There is a hustle and bustle in the homes of Chinese families everywhere. Parents shop for groceries, kids pitch in to vacuum and clean the house, all to welcome the year of the dragon.
Excitement mounts as families decide on what traditional dishes are to be served to ring in Chinese New Year's Day on Jan. 23.
It is the most important social gathering and family bonding time of the year.
On that day, family and friends gather around the table with their chopsticks poised to dig in to the sumptuous range of delectable delights.
Each dish has a symbolic meaning: fish means good catches and a good harvest, poultry signifies health and contentment in the home, mushrooms in a dish brings wealth and good fortune, because mushrooms look like ancient Chinese coins.
Meanwhile, vegetables symbolize the coming of spring and a fresh new beginning, while sweets and candies promise joy within families.
Custom has it that the cooking preparations have to be completed before the Chinese New Year's Day, and all the cleaning must be completed on the eve of the New Year.
There are also certain kitchen practices that have to be avoided during these celebrations.
Using any sharp implements on New Year's Day is said to bring bad luck.
All knives, scissors are kept away, tied together with a red ribbon.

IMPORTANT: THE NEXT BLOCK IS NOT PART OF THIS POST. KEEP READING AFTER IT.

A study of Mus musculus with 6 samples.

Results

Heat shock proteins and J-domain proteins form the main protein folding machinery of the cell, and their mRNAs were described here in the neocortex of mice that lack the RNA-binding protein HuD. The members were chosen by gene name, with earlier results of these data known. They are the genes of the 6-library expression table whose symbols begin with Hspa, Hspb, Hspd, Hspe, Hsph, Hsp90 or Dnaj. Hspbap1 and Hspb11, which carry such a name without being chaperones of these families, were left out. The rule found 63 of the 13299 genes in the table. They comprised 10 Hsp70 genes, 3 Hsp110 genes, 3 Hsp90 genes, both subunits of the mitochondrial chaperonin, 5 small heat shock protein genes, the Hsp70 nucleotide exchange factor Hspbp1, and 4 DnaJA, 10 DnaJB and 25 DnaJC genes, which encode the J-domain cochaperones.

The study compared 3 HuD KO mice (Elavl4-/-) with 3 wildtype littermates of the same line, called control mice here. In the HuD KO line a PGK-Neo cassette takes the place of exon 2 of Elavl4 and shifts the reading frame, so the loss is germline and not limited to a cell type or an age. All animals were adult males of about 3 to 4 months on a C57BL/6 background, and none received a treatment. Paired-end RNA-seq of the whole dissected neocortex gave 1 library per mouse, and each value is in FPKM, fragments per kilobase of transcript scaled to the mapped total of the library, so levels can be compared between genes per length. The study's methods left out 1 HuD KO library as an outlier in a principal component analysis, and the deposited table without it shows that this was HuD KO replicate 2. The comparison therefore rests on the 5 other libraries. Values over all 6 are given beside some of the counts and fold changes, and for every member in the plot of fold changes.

No sweeping or cleaning is done because to sweep on New Year's Day means to sweep all the luck and good fortune from the home.
The dragon is coming and this is a very auspicious year. The dragon is the first sign of the Chinese astrological zodiac - the king of the beast.
Most Chinese believe this year would be the year of extremes - extreme good fortune will fall on some and extreme bad fortune will fall on others, businesses will experience swings.
In order to welcome the positive, special care must be taken. In many homes across Richmond, beautiful red decorations adorn the doors and walls to welcome good luck. Red good luck money envelopes will be generously presented.
In honour the year of the dragon, lobsters will be cooked in a variety of ways.
In Chinese, lobsters are called "long har" which literary means dragon crab. Have a great Kong Hee Fatt Choy!